South Africa' ruling African National Congress Party (ANC) has dismissed as a joke a new poll which suggests the ruling party is running neck and neck with the opposition Democratic Alliance (DA) in urban areas. The latest poll conducted by an independent newspaper ahead of next year's general elections implies that growing discontentment after the forced resignation of President Thabo Mbeki is hurting the ANC among urban South Africans. But the ruling ANC rejected the poll as laughable. Some political observers, however, believe that rifts within the rank and file of the ANC after the Polokwane conference could threaten the cohesion of the party ahead of next year's elections.
Rok Ajulu is a political science professor in South Africa. He tells reporter Peter Clottey from the capital, Pretoria that the new poll is questionable.
"My opinion about that poll is that that cannot be possibly true. There have been similar polls in the run up to the general election, which predicted that the ANC would face stiff challenge from the opposition Democratic Alliance. But the DA didn't perform well and it came to nothing with the ANC getting nearly two thirds percent. But beyond that I think the question that is probably more pressing is how these polls, which are clearly inaccurate and based mainly on perception are conducted," Ajulu said.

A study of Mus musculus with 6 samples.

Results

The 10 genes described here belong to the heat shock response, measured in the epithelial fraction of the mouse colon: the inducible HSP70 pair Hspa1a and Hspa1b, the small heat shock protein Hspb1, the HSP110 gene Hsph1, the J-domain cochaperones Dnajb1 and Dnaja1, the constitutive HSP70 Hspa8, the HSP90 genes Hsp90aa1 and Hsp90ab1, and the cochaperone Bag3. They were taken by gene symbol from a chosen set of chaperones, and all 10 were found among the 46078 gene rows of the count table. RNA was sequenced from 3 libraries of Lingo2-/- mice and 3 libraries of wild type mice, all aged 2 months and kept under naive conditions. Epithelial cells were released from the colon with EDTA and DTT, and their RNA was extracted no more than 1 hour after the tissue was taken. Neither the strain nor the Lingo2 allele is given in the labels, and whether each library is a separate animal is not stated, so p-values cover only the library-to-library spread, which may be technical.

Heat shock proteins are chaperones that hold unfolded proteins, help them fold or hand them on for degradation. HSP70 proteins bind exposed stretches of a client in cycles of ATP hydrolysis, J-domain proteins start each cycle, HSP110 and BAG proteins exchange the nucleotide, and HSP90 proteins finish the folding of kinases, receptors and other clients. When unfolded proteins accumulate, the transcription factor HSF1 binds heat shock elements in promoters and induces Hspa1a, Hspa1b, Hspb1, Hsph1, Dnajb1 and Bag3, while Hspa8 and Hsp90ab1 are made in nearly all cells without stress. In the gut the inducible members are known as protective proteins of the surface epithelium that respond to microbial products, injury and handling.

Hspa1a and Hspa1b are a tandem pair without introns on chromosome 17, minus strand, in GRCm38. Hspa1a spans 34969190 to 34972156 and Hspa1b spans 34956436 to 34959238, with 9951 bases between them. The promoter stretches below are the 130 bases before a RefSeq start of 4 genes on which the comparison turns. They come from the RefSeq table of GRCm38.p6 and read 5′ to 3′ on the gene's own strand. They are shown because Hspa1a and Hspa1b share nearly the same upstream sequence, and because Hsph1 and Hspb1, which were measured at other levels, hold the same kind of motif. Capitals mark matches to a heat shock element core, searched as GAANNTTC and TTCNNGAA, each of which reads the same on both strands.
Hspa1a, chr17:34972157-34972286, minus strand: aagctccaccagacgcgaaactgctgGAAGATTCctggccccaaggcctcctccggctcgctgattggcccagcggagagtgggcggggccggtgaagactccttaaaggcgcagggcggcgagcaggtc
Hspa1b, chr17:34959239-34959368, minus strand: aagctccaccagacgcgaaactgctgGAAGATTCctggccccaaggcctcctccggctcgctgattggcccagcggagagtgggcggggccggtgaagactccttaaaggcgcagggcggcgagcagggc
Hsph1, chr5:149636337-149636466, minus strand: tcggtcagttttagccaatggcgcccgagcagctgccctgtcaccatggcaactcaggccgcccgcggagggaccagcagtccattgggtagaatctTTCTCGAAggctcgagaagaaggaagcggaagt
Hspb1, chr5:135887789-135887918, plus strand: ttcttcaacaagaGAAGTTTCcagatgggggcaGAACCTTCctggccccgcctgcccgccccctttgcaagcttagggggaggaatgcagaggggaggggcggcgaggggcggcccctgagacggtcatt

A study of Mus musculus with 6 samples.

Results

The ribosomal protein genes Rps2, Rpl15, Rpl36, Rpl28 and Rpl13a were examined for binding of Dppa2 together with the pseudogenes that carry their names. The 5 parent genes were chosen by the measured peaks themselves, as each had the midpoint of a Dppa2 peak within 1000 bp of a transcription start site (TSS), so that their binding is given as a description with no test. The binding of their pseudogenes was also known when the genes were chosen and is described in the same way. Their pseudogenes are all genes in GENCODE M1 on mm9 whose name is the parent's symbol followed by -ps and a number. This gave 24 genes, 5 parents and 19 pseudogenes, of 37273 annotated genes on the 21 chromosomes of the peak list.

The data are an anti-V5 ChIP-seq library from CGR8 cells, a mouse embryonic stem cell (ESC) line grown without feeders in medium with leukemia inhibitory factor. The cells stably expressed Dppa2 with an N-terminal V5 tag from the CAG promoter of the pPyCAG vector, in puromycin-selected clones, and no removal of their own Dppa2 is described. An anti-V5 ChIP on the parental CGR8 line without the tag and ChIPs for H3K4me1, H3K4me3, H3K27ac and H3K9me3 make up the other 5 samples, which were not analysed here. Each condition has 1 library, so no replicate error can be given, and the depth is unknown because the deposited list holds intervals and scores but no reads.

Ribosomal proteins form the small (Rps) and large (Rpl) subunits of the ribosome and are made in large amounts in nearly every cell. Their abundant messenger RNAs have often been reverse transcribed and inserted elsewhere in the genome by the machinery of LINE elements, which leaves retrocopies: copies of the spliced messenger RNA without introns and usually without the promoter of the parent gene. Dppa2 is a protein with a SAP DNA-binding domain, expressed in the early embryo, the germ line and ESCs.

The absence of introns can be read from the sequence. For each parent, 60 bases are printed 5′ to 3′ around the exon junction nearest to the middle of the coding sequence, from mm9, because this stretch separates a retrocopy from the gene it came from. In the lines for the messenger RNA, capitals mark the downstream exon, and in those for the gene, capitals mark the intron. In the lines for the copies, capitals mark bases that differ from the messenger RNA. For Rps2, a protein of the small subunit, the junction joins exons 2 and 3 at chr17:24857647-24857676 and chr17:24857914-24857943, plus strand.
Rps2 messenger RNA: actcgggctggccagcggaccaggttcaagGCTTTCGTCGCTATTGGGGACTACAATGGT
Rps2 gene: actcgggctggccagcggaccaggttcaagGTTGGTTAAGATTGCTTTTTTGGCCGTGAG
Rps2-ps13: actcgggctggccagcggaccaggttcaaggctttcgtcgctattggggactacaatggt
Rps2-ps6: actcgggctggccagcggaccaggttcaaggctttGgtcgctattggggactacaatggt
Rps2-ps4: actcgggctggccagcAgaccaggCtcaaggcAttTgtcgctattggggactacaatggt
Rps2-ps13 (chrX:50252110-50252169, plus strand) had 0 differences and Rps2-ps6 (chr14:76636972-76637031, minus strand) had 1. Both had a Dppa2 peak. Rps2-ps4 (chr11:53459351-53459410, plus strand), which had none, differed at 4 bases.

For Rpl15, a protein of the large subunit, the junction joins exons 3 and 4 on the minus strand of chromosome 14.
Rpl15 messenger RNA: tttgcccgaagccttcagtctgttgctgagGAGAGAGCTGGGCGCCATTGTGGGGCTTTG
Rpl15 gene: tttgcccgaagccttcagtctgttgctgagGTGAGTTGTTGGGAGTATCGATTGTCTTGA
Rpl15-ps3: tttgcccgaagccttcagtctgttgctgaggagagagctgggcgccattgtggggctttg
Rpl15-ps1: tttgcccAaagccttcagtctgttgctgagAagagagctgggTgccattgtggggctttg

He dismissed the latest poll as not credible.
"It is unbelievable; it is not possible by any consideration that the ANC and the DA can be running neck to neck in urban areas in South Africa, it is actually laughable. So, it sounds like a very bad joke. It is not possible because the DA is a small party of about 10% of mainly white South Africans and ANC is a party of 69%. It is not possible by any consideration that all of a sudden a party of 69% is running neck and neck in a predominantly African population electorate in the urban areas," he pointed out.
Ajulu said although the controversy surrounding Mbeki's resignation might have dented the internal political dynamics of the ANC, it would be largely extrapolated to think that the opposition Democratic Alliance is challenging the ruling party in the latest poll.
"Let me put it this way and very clearly. However, much the ANC has been dented by the events of the last two or three weeks, there is no possibility that the ANC would be running neck and neck with the DA. The DA is a small white minority party predominantly based on the white electorates. This is either a badly conducted sample of polls or based on a very narrow sample," Ajulu said.
He said there is enough time for the deep seated rift within the rank a file of the ruling ANC to heal ahead of the election in April next year.
"The ANC has got six to seven months for the next elections and that is why in the process of making a decision over Mbeki, the ANC was reluctant to call for a quick election. Lets assume that they've got six to seven months to heal and repair the rifts within the party, consolidate and prepare for the election. The only other possibility if as it is said there is a split as in the ANC a group of Mbeki supporters go in to form a new party, that could change the situation, but even then it's too late for a new party to garner support," he noted.
Meanwhile, some political analysts say the survey of 1,500 city dwellers -- disproportionately white and middle class -- by the Sunday Times newspaper does not represent the broader public opinion. But the paper said the poll showed rising discontent with the ANC after the ousting of Thabo Mbeki as president.
The ANC has dominated South African politics since the end of apartheid but has been damaged by bitter rivalry between Mbeki and party leader Jacob Zuma, the presumed frontrunner to win next year's presidential election.